Cognitive Function and Brain Structure in Persons With Type 2 Diabetes Mellitus After Intensive Lowering of Blood Pressure and Lipid Levels:  A Randomized Clinical Trial

Jeff D. Williamson, MD, MHS1; Lenore J. Launer, PhD2; R. Nick Bryan, MD3; Laura H. Coker, PhD4; Ronald M. Lazar, PhD5; Hertzel C. Gerstein, MD6,7; Anne M. Murray, MD8; Mark D. Sullivan, MD9; Karen R. Horowitz, MD10; Jingzhong Ding, PhD1; Santica Marcovina, PhD11; Laura Lovato, MS12; James Lovato, MS12; Karen L. Margolis, MD13; Christos Davatzikos, PhD3; Joshua Barzilay, MD14; Henry N. Ginsberg, MD15; Peter E. Linz, MD16; Michael E. Miller, PhD12; for the Action to Control Cardiovascular Risk in Diabetes (ACCORD) Memory in Diabetes (MIND) Investigators
[+] Author Affiliations
1Roena B. Kulynych Center for Memory and Cognition Research, Department of Internal Medicine, Wake Forest University, Winston-Salem, North Carolina
2Intramural Research Program, National Institute on Aging, National Institutes of Health, Bethesda, Maryland
3Department of Radiology, University of Pennsylvania Health System, Philadelphia
4Division of Public Health Sciences, Department of Social Sciences and Health Policy, Wake Forest University, Winston-Salem, North Carolina
5Departments of Neurology and Neurological Surgery, Columbia University College of Physicians and Surgeons, New York, New York
6Department of Medicine, McMaster University, Hamilton, Ontario, Canada
7Population Health Research Institute, Hamilton Health Sciences, Hamilton, Ontario, Canada
8Hennepin County Medical Center and Chronic Disease Research Group, Minneapolis, Minnesota
9Department of Psychiatry and Behavioral Sciences, University of Washington, Seattle
10Department of Medicine, Case Western Reserve University School of Medicine, Cleveland, Ohio
11Northwest Lipid Metabolism and Diabetes Research Laboratories, University of Washington, Seattle
12Department of Biostatistical Sciences, Division of Public Health Sciences, Wake Forest School of Medicine, Winston-Salem, North Carolina
13Division of Epidemiology and Community Health, University of Minnesota Medical School, Minneapolis
14Kaiser Permanente, Crescent Center Medical Office, Tucker, Georgia
15Department of Medicine, Columbia University College of Physicians and Surgeons, New York, New York
16Cardiology Division, Naval Medical Center San Diego, San Diego, California
JAMA Intern Med. 2014;174(3):324-333. doi:10.1001/jamainternmed.2013.13656.

Objective  To examine whether intensive therapy for hypertension and combination therapy with a statin plus a fibrate reduces the risk of decline in cognitive function and total brain volume (TBV) in patients with T2DM.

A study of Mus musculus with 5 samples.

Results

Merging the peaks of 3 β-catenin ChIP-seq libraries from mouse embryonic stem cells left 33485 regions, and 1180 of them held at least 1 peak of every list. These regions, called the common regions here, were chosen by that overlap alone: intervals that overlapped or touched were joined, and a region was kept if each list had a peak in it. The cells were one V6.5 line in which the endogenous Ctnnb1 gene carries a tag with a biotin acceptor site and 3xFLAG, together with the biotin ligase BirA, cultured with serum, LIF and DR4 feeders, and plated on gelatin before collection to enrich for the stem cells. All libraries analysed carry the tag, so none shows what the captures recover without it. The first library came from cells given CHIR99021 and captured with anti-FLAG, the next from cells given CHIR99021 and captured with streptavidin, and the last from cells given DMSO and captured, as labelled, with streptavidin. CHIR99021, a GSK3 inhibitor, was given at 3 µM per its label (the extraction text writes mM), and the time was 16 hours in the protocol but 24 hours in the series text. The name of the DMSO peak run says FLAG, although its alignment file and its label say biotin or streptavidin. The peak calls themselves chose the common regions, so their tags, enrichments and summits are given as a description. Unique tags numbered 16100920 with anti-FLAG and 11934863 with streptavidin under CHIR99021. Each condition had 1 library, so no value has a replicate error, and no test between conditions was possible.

Design, Setting, and Participants  A North American multicenter clinical trial including 2977 participants without baseline clinical evidence of cognitive impairment or dementia and with hemoglobin A1c (HbA1c) levels less than 7.5% randomized to a systolic BP goal of less than 120 vs less than 140 mm Hg (n = 1439) or to a fibrate vs placebo in patients with low-density lipoprotein cholesterol levels less than 100 mg/dL (n = 1538). Participants were recruited from August 1, 2003, through October 31, 2005, with the final follow-up visit by June 30, 2009.

Main Outcome Measures  Cognition was assessed at baseline and 20 and 40 months. A subset of 503 participants underwent baseline and 40-month brain magnetic resonance imaging to assess for change in TBV and other structural measures of brain health.

Results  Baseline mean HbA1c level was 8.3%; mean age, 62 years; and mean duration of T2DM, 10 years. At 40 months, no differences in cognitive function were found in the intensive BP-lowering trial or in the fibrate trial. At 40 months, TBV had declined more in the intensive vs standard BP-lowering group (difference, −4.4 [95% CI, −7.8 to −1.1] cm3; P = .01). Fibrate therapy had no effect on TBV compared with placebo.

Conclusions and Relevance  In participants with long-standing T2DM and at high risk for cardiovascular events, intensive BP control and fibrate therapy in the presence of controlled low-density lipoprotein cholesterol levels did not produce a measurable effect on cognitive decline at 40 months of follow-up. Intensive BP control was associated with greater decline in TBV at 40 months relative to standard therapy.

Trial Registration  clinicaltrials.gov Identifier: NCT00000620

Cohort Participation in the Primary Cognitive Outcome of the Blood Pressure (BP) and Lipid Trials

Participants were enrolled in the Memory in Diabetes (MIND) substudy of the Action to Control Cardiovascular Risk in Diabetes (ACCORD) trial. DSST indicates Digit Symbol Substitution Test.

Cohort Participation in the Primary Magnetic Resonance Imaging (MRI) Outcome of the Blood Pressure (BP) and Lipid Trials

Participants were enrolled in the Memory in Diabetes (MIND) substudy of the Action to Control Cardiovascular Risk in Diabetes (ACCORD) trial. Standard and intensive BP interventions and active and placebo lipid treatments are described in the legend to Figure 1. TBV indicates total brain volume.aAgreeing to the MRI procedure indicates that participants signed a consent for MRI. Enrolled in the MIND MRI substudy indicates that they underwent a baseline MRI.

40-Month Decline in Total Brain Volume (TBV) in the Blood Pressure (BP) and Lipid Trials

Whiskers mark 95% confidence intervals. Intensive and standard glycemia therapy groups are described in the Supplement (eAppendix). Standard and intensive BP interventions and active and placebo lipid treatments are described in the legend to Figure 1.aP < .001 for heterogeneity of glycemia effect.bP = .86 for heterogeneity of glycemia effect.